Scientists at Michigan State University’s Center for Systems Integration and Sustainability show that even popular conservation programs can harbor hidden costs, often for vulnerable populations.
Returning croplands to forests is a sustainability gold standard to mitigate climate change impacts and promote conservation. That is, new research shows, unless you’re a poor farmer.
“Those sweeping conservation efforts in returning cropland to vegetated land might have done so with an until-now hidden consequence: it increased the wildlife damage to remaining cropland and thus caused unintended cost that whittled away at the program’s compensation for farmers,” said Hongbo Yang, lead author in a recent paper in the Ecological Economics journal.
Yang, who recently earned a PhD at from Michigan State University (MSU) and is currently a research associate at the Smithsonian Conservation Biology Institute and his colleagues analyzed the reforestation achieved via programs that encourage, and compensate, farmers to convert their cropland to forests via China’s enormous Grain-to-Green Program (GTGP).
The research found that even as newly regrown forests are sucking up greenhouse gases, they’re also sheltering critters bent on destroying crops. And while farmers were compensated, they ultimately took a financial beating. Not only did they find that converting a portion of their fields brought wildlife that much closer to their remaining crops, but they were also now farming smaller areas and thus recognizing lower yields.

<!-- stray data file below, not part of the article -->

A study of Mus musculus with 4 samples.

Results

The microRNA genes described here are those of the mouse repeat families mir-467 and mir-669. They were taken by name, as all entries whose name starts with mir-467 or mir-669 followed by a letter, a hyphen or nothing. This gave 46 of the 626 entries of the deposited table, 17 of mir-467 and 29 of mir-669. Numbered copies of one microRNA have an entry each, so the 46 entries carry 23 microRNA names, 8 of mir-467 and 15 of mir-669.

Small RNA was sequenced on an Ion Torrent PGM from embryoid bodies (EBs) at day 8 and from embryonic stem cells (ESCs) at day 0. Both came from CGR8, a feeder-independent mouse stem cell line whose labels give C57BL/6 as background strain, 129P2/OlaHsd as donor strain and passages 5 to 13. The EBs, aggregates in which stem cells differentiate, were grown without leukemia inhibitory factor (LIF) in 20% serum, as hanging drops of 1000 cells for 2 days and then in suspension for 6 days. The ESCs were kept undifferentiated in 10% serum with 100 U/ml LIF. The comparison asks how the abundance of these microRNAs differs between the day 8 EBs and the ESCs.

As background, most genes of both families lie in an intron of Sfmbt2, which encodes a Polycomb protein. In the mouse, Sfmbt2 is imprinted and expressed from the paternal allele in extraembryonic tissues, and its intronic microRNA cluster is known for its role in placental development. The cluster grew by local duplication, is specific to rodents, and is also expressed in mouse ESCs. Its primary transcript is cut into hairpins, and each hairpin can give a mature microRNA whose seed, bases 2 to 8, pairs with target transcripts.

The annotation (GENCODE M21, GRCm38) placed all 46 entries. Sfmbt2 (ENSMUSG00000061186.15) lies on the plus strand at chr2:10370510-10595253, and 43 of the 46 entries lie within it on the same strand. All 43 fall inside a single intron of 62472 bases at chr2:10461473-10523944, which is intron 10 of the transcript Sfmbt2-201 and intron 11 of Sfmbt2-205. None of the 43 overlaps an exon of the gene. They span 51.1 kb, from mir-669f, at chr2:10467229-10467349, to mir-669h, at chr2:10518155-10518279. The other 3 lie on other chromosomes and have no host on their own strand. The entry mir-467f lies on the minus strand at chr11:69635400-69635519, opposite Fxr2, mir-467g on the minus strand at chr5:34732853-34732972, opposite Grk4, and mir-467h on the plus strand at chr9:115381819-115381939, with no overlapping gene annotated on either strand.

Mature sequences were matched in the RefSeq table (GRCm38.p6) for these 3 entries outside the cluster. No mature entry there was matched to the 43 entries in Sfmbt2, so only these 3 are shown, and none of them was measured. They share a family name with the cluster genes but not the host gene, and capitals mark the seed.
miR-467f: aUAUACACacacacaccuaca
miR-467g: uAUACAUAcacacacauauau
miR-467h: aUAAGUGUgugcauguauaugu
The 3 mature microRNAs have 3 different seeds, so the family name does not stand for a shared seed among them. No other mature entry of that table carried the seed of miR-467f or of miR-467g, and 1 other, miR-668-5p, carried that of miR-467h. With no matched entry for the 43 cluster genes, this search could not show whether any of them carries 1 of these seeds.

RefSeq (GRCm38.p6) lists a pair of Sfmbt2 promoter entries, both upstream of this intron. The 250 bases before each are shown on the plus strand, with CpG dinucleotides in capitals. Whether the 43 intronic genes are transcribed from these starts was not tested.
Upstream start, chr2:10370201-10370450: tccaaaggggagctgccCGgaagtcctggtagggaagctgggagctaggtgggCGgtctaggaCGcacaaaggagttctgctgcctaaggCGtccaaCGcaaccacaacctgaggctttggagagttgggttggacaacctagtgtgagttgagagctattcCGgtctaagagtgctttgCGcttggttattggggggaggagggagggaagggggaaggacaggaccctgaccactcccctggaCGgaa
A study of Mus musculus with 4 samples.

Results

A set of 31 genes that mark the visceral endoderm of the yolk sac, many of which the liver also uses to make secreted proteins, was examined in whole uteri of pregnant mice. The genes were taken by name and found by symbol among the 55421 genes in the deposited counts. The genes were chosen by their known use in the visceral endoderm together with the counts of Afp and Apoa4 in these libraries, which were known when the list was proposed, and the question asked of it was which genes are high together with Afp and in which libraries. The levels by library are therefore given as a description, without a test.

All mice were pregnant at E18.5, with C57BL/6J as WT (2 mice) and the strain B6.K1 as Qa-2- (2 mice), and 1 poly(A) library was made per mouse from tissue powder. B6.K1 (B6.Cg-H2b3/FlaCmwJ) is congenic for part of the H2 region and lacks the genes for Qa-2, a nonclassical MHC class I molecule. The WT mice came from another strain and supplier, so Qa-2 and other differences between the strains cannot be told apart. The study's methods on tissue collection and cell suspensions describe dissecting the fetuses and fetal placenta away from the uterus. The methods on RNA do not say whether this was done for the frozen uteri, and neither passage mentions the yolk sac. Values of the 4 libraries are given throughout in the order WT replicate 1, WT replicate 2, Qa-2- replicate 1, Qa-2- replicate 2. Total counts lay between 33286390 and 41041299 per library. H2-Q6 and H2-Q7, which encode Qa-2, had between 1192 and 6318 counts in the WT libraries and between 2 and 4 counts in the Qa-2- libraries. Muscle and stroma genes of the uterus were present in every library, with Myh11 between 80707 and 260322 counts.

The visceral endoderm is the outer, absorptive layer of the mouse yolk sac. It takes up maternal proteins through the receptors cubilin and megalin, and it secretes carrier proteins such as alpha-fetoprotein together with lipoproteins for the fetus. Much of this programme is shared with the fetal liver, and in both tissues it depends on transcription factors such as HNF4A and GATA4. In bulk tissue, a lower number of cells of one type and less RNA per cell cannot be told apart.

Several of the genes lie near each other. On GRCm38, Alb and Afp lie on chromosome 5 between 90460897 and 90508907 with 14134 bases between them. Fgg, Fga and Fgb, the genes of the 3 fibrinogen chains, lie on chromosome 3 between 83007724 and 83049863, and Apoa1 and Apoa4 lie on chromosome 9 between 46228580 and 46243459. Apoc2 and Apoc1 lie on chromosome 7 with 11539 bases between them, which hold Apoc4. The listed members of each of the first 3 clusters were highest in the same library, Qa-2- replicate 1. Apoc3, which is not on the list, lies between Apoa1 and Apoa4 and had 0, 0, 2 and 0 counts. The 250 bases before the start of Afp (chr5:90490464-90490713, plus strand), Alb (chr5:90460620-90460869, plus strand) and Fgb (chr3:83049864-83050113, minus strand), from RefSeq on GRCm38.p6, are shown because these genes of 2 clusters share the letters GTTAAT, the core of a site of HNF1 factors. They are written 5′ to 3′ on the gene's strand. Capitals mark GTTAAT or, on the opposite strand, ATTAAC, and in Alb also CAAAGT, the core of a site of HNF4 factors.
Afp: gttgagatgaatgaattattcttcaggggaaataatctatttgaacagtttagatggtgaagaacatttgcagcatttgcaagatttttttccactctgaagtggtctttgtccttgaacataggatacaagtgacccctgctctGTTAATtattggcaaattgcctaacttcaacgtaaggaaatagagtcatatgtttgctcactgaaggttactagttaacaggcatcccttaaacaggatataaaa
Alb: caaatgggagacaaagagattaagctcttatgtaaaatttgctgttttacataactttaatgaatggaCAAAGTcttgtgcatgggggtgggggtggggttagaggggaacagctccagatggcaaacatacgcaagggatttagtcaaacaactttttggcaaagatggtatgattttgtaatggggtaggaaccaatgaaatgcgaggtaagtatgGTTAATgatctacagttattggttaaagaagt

Bottom line: The costs of conservation were being borne by poor people and those impacts have been slow to be revealed.
“Conservation policies only can endure, and be declared successful, when both nature and humans thrive,” said Jianguo “Jack” Liu, senior author and Rachel Carson Chair in Sustainability at MSU’S Center for Systems Integration and Sustainability. “Many of these trade-offs and inequities are difficult to spot unless you take a very broad, deep look at the situation, yet these balances are crucial to success.”
As a first attempt to quantify this previously hidden cost, the authors estimated the impact of converting cropland to forest under the GTGP, which is one of the world’s largest conservation programs, on crop raiding in a demonstration site.
They found that GTGP afforestation was responsible for 64% of the crop damage by wildlife on remaining cropland, and that cost was worth 27% of GTGP’s total payment to local farmers. That loss was not anticipated as the policy was designed and was in addition to the known loss of income from farming smaller plots, Yang said.
“The ignorance of this hidden cost might leave local communities under-compensated under the program and exacerbate poverty,” Yang said. “Such problems may ultimately compromise the sustainability of conservation. As losses due to human-wildlife conflicts increase, farmers may increasingly resent conservation efforts.”
Reference: “Hidden cost of conservation: A demonstration using losses from human-wildlife conflicts under a payments for ecosystem services program” by Hongbo Yang, Frank Lupi, Jindong Zhang and Jianguo Liu, 18 November 2019, Ecological Economics.
In addition to Yang and Liu, “Hidden cost of conservation: A demonstration using losses from human-wildlife conflicts under a payments for ecosystem services program” was written by Frank Lupi and Jindong Zhang, both members of MSU-CSIS.
The research was funded by the National Science Foundation, Michigan AgBioResearch, Michigan State University, the National Natural Science Foundation of China and the Key Laboratory of Southwest China Wildlife Resources Conservation, China West Normal University.